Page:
A friend of mine just returned from a retreat at a monastery, and I greeted him on Google Chat by typing 阿弥陀佛.  But a strange thing happened.

In the Sogou pinyin IME, I typed “amituofo”, but the first choice given said “阿(ē)弥陀佛” (with the parentheses included).  I wondered at that, and asked the nearest native speaker, who happened to be my second son, who is 7 years old and just finished first grade today.  I said “amituofo…amishenme?”

He very clearly replied “ēmítuófó”.  By that time my friend had typed 阿弥陀佛 in return.  Intrigued, I asked him how he typed it.  He said he typed “amitf”.  This is getting intriguing!  I mentioned the two instances of ē, and he asked his wife and daughter, who both said ā.  I checked Pablo (which is CEDICT-based), and it said ē.  My friend reported that ABC Dictionary says both (but later reports that the only 阿=ē entry is for 阿弥陀佛), Oxford says ē, and Adsotrans says ā, and that his wife says that ē is popular in movies.  I checked the 现代汉语词典, and only ē is given there.

The ā pronunciation could easily be explained by the fact that it is the normal pronunciation for 阿, found in many place names and other transliterations.  But where does ē come from?

And does anyone know of any other Sogou IME entries that have parenthetical alternate pronunciations?

10 responses to “Ē弥陀佛”

  1. Carl says:

    It’s extra confusing too because in Sanskrit and Japanese, it’s an a sound. When would it have evolved into an e just in China?

  2. rm says:

    Sogou always does this when it thinks you’ve chosen the wrong pinyin for a character with two pronunciations, for instance 暴露:the second character is pronounced ‘lu’ here but can also be pronounced ‘lou’, so try typing baolou into Sogou…
    So it looks like Sogou has decided that 阿弥陀佛 should correctly start with an ‘e’ not an ‘a’.

  3. Hans says:

    According to zhongwen.com: 阿 as ā: prefix before names, ē: flatter. Maybe the phrase is more related to the later?

  4. Kevin says:

    I’ve got no idea how the “ē” sound got into the word “Amitabha,” but the character 阿 has that pronunciation in other words. e.g. the 阿房宫, the Ēpáng Palace of Qinshihuang. (Why 房 here is “páng” is another question.) The Xinhua Zidian’s entry on the character notes a few more instances of the “ē” pronunciation; it seems to be the original pronunciation.

  5. Josh says:

    You’ll find the alternate pronunciation with some other Buddhist terms, for example 般若 (bore). BTW I work with a couple of Buddhist nuns and Emituofo is definitely the preferred pronunciation.

  6. pot says:

    @Kevin: Ē is indeed the original pronunciation. The character 阿 originally means curved part and, later, to ingratiate. When used for these meanings, it is pronounced ē, which was derived regularly from Middle Chinese *ʔɑ. On the other hand, the use of 阿 as the prefix ā- is rather recent and dialectal. In transcriptions that date back to Middle Chinese, ē is thus preferable to ā. Unfortunately, the (mis)pronunciation ā is so widespread that language authorities have to make compromises. For example, 《普通话异读词审音表》 lists 阿弥陀佛 under ē, but 阿罗汉 under ā.

    @Carl: China is not the only place where the vowel /a/ or /ɑ/ has raised. Amitābha starts with /ə/ in Hindi.

  7. Karan says:

    I can confirm pot’s statement that Amitābha (अमिताभ) does have an initial Pinyin ‘e’ sound and not an ‘a’ sound, so as a transliteration of that, it makes sense that it’s ‘e’.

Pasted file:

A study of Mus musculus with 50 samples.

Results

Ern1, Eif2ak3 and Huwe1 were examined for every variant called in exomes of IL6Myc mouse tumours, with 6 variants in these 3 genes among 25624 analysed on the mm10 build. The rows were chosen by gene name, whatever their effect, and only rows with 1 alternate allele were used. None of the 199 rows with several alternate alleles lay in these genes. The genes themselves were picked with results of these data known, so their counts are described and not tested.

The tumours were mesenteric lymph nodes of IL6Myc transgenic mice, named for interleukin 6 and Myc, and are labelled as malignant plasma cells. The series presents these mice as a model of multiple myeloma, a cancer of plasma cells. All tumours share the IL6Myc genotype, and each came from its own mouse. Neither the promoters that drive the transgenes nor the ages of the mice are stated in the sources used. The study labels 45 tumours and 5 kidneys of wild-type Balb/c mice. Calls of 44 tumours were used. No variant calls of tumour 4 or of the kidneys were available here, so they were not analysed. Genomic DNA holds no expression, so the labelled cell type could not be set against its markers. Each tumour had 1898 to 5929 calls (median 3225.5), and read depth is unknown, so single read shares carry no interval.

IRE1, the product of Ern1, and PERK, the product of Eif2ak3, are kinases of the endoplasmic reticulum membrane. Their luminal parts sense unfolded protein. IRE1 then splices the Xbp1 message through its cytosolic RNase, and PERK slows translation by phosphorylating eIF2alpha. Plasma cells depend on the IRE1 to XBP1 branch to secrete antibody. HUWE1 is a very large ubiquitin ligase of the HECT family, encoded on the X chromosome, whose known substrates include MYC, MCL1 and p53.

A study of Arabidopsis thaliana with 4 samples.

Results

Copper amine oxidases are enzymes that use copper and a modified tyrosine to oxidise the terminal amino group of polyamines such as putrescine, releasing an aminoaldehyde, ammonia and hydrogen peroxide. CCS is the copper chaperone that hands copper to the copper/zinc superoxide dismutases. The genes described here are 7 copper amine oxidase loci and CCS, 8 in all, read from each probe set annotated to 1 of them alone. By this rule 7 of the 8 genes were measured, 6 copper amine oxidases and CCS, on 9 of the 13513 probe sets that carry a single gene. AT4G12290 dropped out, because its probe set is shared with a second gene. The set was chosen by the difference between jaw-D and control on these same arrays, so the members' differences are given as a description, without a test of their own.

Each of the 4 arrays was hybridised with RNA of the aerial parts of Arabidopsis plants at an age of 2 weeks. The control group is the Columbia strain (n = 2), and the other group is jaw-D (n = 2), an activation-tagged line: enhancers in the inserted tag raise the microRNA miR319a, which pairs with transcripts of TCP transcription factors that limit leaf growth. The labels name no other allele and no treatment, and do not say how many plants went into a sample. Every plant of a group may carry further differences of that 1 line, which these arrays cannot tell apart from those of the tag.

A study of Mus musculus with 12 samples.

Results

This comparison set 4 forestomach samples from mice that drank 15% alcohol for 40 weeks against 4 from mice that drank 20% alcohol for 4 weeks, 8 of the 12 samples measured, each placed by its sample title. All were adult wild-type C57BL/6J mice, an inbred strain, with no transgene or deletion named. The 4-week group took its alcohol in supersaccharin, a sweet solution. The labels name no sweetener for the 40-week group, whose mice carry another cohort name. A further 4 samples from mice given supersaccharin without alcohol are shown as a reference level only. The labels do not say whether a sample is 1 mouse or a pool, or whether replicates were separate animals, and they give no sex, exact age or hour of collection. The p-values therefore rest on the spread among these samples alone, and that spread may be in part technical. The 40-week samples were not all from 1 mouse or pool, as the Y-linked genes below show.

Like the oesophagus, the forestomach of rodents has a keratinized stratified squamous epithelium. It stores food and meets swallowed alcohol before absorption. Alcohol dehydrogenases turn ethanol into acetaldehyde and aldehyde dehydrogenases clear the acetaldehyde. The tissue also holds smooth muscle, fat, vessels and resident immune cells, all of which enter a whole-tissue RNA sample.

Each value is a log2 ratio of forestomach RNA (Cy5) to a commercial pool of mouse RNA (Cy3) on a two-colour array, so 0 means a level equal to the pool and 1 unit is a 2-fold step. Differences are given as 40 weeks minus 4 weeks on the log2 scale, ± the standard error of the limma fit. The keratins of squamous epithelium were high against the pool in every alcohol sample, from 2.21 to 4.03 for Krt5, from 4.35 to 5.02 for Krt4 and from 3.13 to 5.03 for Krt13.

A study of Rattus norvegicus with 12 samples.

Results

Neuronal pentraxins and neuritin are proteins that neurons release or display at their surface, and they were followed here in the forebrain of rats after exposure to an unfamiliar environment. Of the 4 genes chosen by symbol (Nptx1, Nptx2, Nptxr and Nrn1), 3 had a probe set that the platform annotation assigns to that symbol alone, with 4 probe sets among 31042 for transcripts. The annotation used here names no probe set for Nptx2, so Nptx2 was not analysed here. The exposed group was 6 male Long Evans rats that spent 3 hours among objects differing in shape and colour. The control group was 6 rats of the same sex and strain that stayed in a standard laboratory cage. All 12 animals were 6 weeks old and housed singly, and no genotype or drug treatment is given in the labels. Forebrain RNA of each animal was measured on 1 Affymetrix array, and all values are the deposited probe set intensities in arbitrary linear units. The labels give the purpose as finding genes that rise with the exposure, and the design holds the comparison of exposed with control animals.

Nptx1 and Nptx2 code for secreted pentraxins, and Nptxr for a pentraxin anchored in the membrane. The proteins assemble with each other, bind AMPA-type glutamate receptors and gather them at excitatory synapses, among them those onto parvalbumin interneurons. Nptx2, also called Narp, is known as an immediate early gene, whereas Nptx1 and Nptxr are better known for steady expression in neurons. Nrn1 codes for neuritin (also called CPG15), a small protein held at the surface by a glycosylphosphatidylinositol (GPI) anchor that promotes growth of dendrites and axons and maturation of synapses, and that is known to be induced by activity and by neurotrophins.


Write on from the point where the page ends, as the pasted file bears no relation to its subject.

8. Josh says:

    It should be noted, however, that regardless of its original pronunciation (thanks pot for the details), the character 阿 is most commonly used to transcribe the Sanskrit syllable a. For example, there are a number of Chinese translations of Buddhist sutras (such as the Avatamsaka, for example) wherein the entire Sanskrit “alphabet” 字母 is transliterated into Chinese, and 阿 is usually used for अ (and sometimes आ as well).

  9. Claw says:

    Kevin wrote:

    (Why 房 here is “páng” is another question.)

    The /f-/ initial of most of the modern Chinese varieties came from Middle Chinese /pj-/, /pʰj-/, or /bj-/. However, there are a few cases where the expected change to /f-/ did not occur. The most common example of this is the modern pronunciation of the word 不.

    The modern Mandarin pronunciation of 不 is /pu/ (pinyin: bù), which came from Middle Chinese /pjwət/, even though the expected pronunciation would have been /fu/. The expected “literary” /fu/ pronunciation is retained in the character 弗. The “colloquial” /pu/ pronunciation was relegated to the character 不 in Modern Mandarin, replacing the original word that 不 used to represent. The original word that 不 used to represent was pronounced /pjəu/ in Middle Chinese, which became /foʊ̯/ (pinyin: fǒu) in Mandarin; this pronunciation ended up being assigned to a new character: 否.

    Going back to the original question, a similar thing must have happened with 房. Its Middle Chinese pronunciation was /bjaŋ/, which led to Modern Mandarin /fɑŋ/ (pinyin: fáng). The ‘páng’ pronunciation is probably a rare instance where the initial plosive pronunciation was retained.

  10. Kellen says:

    In Sanskrit the full phrase is नमोऽमिताभाय. The ऽमि bit in the middle corresponds to “ami” with the ऽ being in the place of अ, more or less. And while Sanskrit isn’t quite standard in pronunciation these days, I’d say अ is much closer to pinyin a than pinyin e. But, not one to disagree with Karan on things of this sort, and not at all sure how it’s pronounced in any other Indic language, I can’t say this with much confidence.

    But at least as it would be said in Sanskrit the way I learned it, I’d say it’s an a.

    That’s my 2 fen, which even a beggar would reject.